Friday, November 18, 2005

It's Getting Colder And My Banana Trees Are Not Happy

These are my banana trees. The little guy on the left had a label that described it as cold hardy, so I picked it up on a whim. Later when I researched the variety, it turned out to be one of the ornamental 'nanners and a dwarf variety at that. Rats!

So, I found another variety which promised to be big, cold hardy, and produce good eating 'nanners. I planted them next to the FFA show pig pen (which will soon be occupied again!!) so they could nourish themselves on pig manure and they have done well.

Both are new this year, so it's not much of a banana republic yet, but they seem to be well established. The tall one even has a sucker (new plant) coming up from it's base. Bananas don't really make viable seeds, they spread by cloning themselves from the base.

The tough thing about growing bananas in North Florida are the freezes like the one possible on Wednesday. Here, banana trees often die back to ground level due to freezes. That makes getting banana fruit difficult, since most banana trees produce fruit the second winter. It's often hard to get a stalk to survive two you wind up starting over again with shoots from the old stump. I think I'll use some expensive hay bales to shield the bases of these two banana trees from the hard freezes to come.

A banana off the tree is a special treat and worth a little effort. Besides, even without fruit, the big fronds add a nice touch of the tropics.
My dad has banana trees with flower buds forming now and I plan to get a shot of that to share with you when I visit for Thanksgiving.

I love living in this boundary zone between the tropical and the temperate. Everything is on the edge with some at the extreme edge of their ability to survive. Walking in the woods and seeing a northern tree like a sycamore growing next to a cabbage palm is such a neat scene. This mishmash of the exotic with the familiar is delicious even if it presents challenges to the grower.

...and unlike my Dad, I find growing any plant a challenge.Posted by Picasa


pablo said...

Good luck with the bananas. I enjoy one every morning, though they are not fresh from the tree. Funny that a plant would produce such a significant fruit and yet not produce a viable seed within it. I knew the business about cloning, which was one more reason why it bugged me when the eco-weenie objected to throwing a banana peel into the Kansas woods.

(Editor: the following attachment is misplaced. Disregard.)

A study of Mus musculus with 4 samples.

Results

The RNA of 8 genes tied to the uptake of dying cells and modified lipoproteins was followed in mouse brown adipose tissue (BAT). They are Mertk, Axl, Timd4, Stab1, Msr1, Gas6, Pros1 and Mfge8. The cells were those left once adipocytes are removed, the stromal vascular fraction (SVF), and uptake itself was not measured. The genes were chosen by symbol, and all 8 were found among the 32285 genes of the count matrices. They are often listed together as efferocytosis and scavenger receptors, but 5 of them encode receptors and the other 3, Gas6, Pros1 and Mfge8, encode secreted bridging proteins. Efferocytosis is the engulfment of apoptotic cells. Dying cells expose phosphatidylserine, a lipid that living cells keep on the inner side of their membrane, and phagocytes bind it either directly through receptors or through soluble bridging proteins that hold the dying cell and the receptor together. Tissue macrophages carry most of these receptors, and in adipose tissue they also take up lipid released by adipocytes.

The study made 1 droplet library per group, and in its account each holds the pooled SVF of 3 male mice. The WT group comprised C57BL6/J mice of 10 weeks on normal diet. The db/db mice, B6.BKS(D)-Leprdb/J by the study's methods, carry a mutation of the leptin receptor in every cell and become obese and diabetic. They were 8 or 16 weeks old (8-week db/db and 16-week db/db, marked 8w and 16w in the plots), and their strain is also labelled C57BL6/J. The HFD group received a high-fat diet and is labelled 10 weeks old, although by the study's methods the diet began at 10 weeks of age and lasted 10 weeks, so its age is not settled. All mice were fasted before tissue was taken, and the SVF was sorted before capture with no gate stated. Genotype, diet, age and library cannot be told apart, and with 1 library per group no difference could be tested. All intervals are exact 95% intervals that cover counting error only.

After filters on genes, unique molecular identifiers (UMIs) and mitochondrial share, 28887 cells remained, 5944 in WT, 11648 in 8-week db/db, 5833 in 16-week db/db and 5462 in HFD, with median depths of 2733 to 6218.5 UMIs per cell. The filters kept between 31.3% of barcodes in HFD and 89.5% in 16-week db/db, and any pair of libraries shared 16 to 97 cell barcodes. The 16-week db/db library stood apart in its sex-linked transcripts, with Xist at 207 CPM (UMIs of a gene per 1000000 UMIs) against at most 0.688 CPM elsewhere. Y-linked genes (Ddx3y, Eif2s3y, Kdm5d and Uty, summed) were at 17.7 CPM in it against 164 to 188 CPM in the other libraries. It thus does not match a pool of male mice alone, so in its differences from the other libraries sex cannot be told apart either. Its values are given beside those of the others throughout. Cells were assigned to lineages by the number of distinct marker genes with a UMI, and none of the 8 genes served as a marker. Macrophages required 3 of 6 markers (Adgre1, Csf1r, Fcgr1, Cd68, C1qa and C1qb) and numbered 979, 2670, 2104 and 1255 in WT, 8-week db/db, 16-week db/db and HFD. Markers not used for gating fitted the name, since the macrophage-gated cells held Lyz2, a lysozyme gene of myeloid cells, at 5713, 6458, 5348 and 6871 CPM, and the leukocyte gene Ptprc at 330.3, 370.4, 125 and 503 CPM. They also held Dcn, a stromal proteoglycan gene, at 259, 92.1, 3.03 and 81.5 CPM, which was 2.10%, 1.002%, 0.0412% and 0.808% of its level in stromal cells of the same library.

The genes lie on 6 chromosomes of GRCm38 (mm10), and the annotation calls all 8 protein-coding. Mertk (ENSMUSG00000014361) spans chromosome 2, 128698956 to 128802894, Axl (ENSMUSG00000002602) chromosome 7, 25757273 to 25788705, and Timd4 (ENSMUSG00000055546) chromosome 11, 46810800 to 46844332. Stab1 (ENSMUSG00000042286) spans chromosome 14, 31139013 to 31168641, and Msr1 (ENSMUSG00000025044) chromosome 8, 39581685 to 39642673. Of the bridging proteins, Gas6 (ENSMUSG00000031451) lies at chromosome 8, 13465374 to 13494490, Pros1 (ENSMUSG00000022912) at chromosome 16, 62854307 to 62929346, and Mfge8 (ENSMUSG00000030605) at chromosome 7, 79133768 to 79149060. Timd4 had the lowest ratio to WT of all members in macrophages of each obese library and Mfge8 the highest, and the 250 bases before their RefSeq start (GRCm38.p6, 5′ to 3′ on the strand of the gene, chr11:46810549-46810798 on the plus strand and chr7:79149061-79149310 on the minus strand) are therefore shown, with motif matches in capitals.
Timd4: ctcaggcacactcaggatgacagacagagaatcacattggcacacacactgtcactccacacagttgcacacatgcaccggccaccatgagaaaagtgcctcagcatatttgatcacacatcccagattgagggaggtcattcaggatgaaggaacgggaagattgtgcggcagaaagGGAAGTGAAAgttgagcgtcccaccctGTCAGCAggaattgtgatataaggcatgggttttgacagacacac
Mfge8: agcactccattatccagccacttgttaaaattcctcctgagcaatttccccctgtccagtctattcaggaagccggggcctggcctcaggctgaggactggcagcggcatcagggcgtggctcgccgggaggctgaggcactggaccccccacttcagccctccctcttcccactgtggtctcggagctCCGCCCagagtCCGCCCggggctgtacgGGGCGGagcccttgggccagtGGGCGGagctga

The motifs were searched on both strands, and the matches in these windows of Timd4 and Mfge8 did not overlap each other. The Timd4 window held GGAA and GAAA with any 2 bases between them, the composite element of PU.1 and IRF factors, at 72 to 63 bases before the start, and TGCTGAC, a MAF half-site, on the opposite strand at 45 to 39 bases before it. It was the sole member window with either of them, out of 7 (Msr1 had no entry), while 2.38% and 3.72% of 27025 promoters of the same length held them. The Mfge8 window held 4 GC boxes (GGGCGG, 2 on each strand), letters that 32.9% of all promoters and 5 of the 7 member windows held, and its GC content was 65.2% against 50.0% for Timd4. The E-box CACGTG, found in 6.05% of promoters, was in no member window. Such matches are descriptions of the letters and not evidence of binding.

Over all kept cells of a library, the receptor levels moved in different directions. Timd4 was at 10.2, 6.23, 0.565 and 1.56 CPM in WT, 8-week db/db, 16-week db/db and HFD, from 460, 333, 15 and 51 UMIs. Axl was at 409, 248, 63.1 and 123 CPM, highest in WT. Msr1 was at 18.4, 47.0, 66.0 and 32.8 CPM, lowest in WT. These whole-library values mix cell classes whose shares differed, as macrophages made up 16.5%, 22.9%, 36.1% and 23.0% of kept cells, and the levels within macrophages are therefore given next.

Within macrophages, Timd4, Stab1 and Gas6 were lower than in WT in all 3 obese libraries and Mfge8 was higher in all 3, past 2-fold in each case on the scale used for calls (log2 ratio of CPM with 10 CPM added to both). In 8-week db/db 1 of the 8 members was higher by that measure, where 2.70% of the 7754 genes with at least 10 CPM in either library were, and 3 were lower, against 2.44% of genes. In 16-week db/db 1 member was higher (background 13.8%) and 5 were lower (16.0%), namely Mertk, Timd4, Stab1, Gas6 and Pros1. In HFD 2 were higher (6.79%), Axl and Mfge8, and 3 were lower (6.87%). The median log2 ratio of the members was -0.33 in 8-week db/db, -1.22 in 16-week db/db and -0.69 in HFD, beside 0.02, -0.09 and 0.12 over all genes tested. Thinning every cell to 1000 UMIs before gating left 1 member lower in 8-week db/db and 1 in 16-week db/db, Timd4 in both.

Floridacracker said...

Ecoweenies are best served hot off an open fire.
Me too on the nanner a day habit, if they turn out to be bad for us we are doomed.

Rebel POW said...

Sorry FC... it snowed here in Chicago Wednesday, so no sympathy from me!

Floridacracker said...

I won't tell you what a beautiful cool, crisp day it is here today.

Rexroth's Daughter said...

FC-- I've only seen bananas growing in Mexico. Quite prolific! The bunches were huge there. We have a little banana tree that the pirate's daughter brought us when she visited last spring. I can't imagine it would ever bear fruit, but oh what a treat if we could just pick a banana from the tree.
No frost here yet. I'll be so surprised if you get frost before we do.

roger said...

we live in the boundary zone between temperate and intemperate---oh wait, that's my mood. the climate is between temperate and perpetual grey fuzz.

Floridacracker said...

My Weatherbug forecast had lows in the 30's predicted for Wednesday, just depends on how low they go.

LOL on the mood swings.I have noticed a bit of grey fuzz as the backdrop for some of the birds of prey that have been gracing your site.

Duck Hunter said...

We had a few banana trees when I lived in South Florida. The fruit we got from them were small. I think it was the variety. Not the best to eat, but great for making bread.

Floridacracker said...

Duck hunter,
My dad's are about 6 inches long, but they are really good.